The splendid rivers of Nepal can be divided into three categories in accordance to their origins. The first category comprises the three main river systems of the country – the Koshi, Gandaki and Karnali river systems, all of them originating from glaciers and snow-fed lakes.
The Koshi River System
• The Koshi river system consists of Tamor, Arun, Dudhkoshi, Likhu, Tamakoshi, Sunkoshi and Indravati rivers.
• The Arun and Sunkoshi originate in Tibet. The confluence of these rivers is at Tribeni (near Dharan) in Sagarmatha Zone.
• Flowing for almost 10 kms through a narrow gorge before entering the plains, the ‘Sapta Kosi’ or simply the ‘Koshi’, swollen with the waters of the seven rivers, finally merges into the Ganges.
• The Kali Gandaki originates in Mustang and converges with the Trishuli at Deoghat in Chitwan. The river is then called the ‘Narayani’ and goes on to meet the Ganges.
The Gandaki River System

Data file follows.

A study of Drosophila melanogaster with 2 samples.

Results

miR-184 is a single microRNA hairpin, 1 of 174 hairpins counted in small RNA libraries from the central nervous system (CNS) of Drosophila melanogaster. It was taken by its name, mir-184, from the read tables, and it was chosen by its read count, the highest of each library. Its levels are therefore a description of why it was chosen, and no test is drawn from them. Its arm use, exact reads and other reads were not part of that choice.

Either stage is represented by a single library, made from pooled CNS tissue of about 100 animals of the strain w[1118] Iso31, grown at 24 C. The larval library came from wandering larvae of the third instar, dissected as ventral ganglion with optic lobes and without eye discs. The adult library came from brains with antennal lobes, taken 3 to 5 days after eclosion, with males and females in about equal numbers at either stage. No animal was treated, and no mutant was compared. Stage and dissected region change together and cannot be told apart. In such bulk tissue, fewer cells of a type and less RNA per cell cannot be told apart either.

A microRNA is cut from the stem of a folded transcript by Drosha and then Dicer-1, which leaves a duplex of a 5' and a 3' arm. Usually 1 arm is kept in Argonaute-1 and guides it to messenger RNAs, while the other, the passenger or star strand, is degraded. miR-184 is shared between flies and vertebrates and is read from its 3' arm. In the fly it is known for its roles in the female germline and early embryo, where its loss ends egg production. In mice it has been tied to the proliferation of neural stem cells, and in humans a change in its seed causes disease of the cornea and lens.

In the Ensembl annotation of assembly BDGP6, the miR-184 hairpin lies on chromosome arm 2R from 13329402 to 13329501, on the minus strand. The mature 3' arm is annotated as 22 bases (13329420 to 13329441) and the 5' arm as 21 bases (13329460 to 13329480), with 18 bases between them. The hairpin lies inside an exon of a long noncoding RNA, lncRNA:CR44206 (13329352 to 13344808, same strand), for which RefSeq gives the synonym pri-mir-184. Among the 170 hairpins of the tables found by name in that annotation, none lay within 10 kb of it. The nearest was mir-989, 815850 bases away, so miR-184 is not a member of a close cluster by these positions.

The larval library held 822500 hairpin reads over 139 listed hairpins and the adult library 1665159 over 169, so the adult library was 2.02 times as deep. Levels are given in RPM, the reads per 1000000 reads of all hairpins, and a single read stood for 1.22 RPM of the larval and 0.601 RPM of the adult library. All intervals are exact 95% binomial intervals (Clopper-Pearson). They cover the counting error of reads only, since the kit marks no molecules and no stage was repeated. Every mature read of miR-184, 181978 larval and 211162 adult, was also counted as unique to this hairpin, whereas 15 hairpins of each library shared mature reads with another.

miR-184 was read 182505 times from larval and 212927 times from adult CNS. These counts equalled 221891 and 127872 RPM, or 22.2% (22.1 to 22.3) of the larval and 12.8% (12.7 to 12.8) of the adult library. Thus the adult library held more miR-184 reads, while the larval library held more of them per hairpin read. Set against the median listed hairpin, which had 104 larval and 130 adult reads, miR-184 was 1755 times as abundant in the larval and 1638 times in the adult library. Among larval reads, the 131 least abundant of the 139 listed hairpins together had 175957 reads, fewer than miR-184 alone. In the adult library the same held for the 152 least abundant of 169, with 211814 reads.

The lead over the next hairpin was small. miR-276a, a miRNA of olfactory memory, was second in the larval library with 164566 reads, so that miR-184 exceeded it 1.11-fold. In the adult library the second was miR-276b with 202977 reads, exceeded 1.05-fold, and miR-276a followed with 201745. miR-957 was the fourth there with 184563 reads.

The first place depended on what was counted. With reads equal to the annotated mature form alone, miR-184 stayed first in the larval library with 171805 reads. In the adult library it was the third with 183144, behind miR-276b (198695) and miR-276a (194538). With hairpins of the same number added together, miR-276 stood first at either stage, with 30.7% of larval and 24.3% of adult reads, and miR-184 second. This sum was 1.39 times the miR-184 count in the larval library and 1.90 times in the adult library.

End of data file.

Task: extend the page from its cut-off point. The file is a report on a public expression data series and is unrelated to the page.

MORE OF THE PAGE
• The Kali Gandaki originates in Mustang and converges with the Trishuli at Devghat in Chitwan. The river is then called the ‘Narayani’ and goes on to meet the Ganges at Patna in Bihar.
• The Gandaki river system in central Nepal consists of the Kali Gandaki, Budhi Gandaki, Marsyanghi, Trishuli, Seti, Madi and Daraundi rivers.
• The Kaligandaki is the longest river and the Trishuli, the main tributary of this system.
The Karnali River System
• The Karnali river system in Western Nepal consists of the Humla Karnali, Mugu Karnali, Seti and Bheri rivers and is the longest river system in the country.
• The Humla Karnali, which rises in Tibet, is the main tributary. After entering India, this river assumes the name Gogra.